Founder’s Corner: How Hiring Changes from Employee 5 to 500
After transitioning his business from a small, tight knit unit to a large-scale business, UnboundID CEO Steve Shoaff has learned a thing or two about how that growth can impact a company’s hiring strategy.
When it comes to running a successful business, few decisions are more important than those first early hires.
Making sure your initial core group is aligned around the same vision, values, and goals is absolutely crucial. As you grow, however, your hiring needs and focus begin to change. While that initial emphasis on cultural fit and technical competency is still important, expansion brings with it a need to branch out and fill new roles required to develop organizational structure and processes, and to operate the growing company on a day-to-day basis.
Founders often find themselves needing to build out sales and marketing teams as well as HR and recruiting functions — areas they may not have deep expertise in or that may not be their strong suit. The nature of the roles they need to hire for often undergoes a shift, as well — from people who excel at getting hands-on with the product and driving its early development to people who excel at managing coworkers and teams, as well as building and executing against an established, repeatable, and scalable process.
In the video below, UnboundID co-founder and CEO Steve Shoaff shares the story of how his company’s approach to team building evolved from the ground up to get the business to where it is today.
How Hiring Changes from Employee 5 to 500
There Are Advantages to Building Around a Mature Team [0:28]
In the market UnboundID was selling into — enterprise businesses looking to invest in high quality infrastructure software — Shoaff and his founding team knew that buyers would only work with startups that were not only creative and agile, but also capable of building extremely secure and reliable software from the start.
“When you make software that is mission critical for businesses, they really don’t want the fly-by-night, super exciting, typical Silicon Valley ‘throw it out there and see what works’ stuff,” Shoaff explains.
As a result, the early team UnboundID focused on assembling was one comprised of very mature executives with experience in that market — people with hard-earned experience who had been there before and knew exactly what they needed to do.
Make Sure You’re Hiring the Right Type of Developers for Your Solution [1:18]
“When we went to build a team, we started off — as most startups do — very engineering heavy,” Shoaff recalls. But due to the high expectations of their target customers, the company narrowed their search to a very particular type of candidate.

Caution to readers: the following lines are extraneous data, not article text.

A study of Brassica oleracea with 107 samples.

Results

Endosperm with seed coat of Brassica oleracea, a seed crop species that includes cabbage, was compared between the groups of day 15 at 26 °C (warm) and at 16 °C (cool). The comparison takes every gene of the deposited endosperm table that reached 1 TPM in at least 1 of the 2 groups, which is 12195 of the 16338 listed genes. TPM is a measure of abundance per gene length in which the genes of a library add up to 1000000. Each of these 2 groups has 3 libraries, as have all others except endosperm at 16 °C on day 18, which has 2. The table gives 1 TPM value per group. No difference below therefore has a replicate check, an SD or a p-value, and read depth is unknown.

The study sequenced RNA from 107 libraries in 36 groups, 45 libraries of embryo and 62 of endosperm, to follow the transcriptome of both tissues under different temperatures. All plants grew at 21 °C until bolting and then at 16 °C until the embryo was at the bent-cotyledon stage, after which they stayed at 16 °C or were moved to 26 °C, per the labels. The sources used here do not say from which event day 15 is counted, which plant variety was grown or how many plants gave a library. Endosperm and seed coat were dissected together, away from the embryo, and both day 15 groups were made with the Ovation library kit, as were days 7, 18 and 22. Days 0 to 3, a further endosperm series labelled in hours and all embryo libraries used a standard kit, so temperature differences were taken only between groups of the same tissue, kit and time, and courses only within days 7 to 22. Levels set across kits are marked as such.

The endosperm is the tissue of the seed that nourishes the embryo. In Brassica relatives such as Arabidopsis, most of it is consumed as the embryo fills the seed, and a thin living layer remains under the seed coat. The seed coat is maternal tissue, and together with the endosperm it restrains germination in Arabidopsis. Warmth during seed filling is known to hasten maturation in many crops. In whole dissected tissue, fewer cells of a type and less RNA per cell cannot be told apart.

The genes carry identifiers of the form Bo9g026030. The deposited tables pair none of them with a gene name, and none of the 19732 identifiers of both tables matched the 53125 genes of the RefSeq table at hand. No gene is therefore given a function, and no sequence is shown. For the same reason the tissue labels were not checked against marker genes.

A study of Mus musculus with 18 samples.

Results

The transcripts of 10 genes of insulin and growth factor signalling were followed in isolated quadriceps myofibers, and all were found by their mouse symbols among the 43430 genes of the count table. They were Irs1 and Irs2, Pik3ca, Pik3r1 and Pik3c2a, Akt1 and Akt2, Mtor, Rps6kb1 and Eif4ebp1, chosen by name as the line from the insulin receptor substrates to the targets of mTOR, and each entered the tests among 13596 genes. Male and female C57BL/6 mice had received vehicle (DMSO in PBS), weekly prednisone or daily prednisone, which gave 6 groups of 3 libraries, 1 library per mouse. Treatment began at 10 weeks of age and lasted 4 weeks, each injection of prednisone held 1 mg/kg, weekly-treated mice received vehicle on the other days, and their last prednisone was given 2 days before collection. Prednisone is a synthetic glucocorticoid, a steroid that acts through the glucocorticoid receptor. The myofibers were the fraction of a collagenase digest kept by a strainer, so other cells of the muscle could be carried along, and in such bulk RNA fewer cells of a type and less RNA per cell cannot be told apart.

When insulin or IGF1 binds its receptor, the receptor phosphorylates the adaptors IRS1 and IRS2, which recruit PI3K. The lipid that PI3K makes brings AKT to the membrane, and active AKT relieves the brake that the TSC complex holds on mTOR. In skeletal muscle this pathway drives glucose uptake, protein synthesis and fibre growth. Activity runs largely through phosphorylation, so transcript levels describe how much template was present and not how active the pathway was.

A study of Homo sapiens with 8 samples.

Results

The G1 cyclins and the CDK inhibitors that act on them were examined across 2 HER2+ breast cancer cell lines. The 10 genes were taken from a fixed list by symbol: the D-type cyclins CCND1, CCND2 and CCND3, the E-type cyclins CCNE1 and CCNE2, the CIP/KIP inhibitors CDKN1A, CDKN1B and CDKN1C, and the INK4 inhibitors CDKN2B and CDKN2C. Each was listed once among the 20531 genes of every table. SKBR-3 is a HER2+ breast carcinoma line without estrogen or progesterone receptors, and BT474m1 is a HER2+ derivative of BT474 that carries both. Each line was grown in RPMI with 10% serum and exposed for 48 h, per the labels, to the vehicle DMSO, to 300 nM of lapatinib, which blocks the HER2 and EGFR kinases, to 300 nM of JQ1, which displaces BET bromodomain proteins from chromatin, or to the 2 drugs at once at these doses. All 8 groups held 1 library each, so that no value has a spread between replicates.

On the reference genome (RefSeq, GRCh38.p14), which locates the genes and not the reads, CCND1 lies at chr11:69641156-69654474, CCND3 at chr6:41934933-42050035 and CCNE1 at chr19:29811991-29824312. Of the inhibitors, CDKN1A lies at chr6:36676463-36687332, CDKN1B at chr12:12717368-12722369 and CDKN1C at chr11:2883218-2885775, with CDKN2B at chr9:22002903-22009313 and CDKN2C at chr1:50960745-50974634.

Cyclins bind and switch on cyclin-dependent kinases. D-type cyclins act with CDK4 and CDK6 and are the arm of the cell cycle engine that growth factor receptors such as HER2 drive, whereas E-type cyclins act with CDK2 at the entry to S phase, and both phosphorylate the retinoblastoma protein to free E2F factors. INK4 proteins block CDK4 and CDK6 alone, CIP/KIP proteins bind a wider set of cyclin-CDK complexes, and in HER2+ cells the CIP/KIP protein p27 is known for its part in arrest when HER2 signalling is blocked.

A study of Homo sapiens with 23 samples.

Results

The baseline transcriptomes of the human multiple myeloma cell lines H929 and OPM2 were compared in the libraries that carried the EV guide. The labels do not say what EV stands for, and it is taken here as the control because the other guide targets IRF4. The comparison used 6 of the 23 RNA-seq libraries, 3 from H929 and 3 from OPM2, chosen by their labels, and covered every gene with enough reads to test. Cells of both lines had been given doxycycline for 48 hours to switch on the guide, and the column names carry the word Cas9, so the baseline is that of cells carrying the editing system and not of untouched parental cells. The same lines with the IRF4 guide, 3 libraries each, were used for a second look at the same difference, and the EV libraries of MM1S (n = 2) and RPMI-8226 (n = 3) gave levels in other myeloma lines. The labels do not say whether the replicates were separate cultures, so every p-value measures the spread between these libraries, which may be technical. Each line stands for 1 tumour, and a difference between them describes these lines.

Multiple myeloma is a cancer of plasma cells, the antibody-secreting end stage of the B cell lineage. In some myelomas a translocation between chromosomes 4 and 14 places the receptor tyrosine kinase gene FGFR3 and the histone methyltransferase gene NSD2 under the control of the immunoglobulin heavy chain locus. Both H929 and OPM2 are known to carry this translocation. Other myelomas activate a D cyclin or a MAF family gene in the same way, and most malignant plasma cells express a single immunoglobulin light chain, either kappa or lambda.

“We were looking for people who were extremely accomplished and mature, and who shared the mindset of, ‘A customer is going to rely on this software and rely on it heavily, and if that software fails it could be a Wall Street Journal event,'” Shoaff explains. “So we looked for a class of developer early on that was very good at infrastructure software and had a high-quality mindset.”
Tip for Other Founders: Early on, it is especially important to pinpoint the ideal characteristics and attitude you’re looking for in technical talent in addition to the proper skill set required.
As Your Team Expands, Hand Off Recruiting to a Hiring Manager [1:57]
As UnboundID grew, so did the diversity of roles, and the team soon became less engineering-focused. At that point, Shoaff says, things got exciting but also very different.
“You go from meeting and knowing everyone, and being involved in every interview, to showing up at the coffee machine and having no idea who’s standing next to you,” Shaoff recalls. For many founding teams, this can be a difficult adjustment, and one of the keys to transitioning is learning how to embrace a more strategic leadership role and delegate effectively.
“That’s an important part of a company’s maturation,” Shoaff says, “letting go of the hiring process and letting your managers do that. [Trying to] be involved in every interview is actually an inhibitor to growth.”
Additional Resources for Hiring and Transitioning into New Roles at the Expansion Stage
Mike Myatt Shares 4 Keys to Developing a Thriving Culture of Leadership
Think the key to good leadership is being the smartest person in the room? Think again. Fortune 500 CEO advisor Mike Myatt explains how the most effective executives work to let go and develop a strong culture of leadership that relies on and empowers others.
Moz’s Rand Fishkin on a Founder’s Role After Funding
Landing investment capital is both a triumph and a trial for any company. Moz co-founder Rand Fishkin shares his thoughts on the evolving nature of a founder’s role after funding and his approach to supporting a newly expanded team.
Jason Lemkin on The Biggest Mistake You Can Make When Hiring Your First Sales Rep
Jason Lemkin, author of the popular SaaS strategy blog, saastr.com, explains why one of the biggest mistakes companies make when hiring their first sales rep is hiring just one instead of two.
Webinar on Finding Hidden Talent: Hiring Software Engineers
In this free 30-minute webinar video, OpenView’s talent team shares its secrets for successfully targeting and engaging with top technical talent based on exclusive data on what software engineers care about most.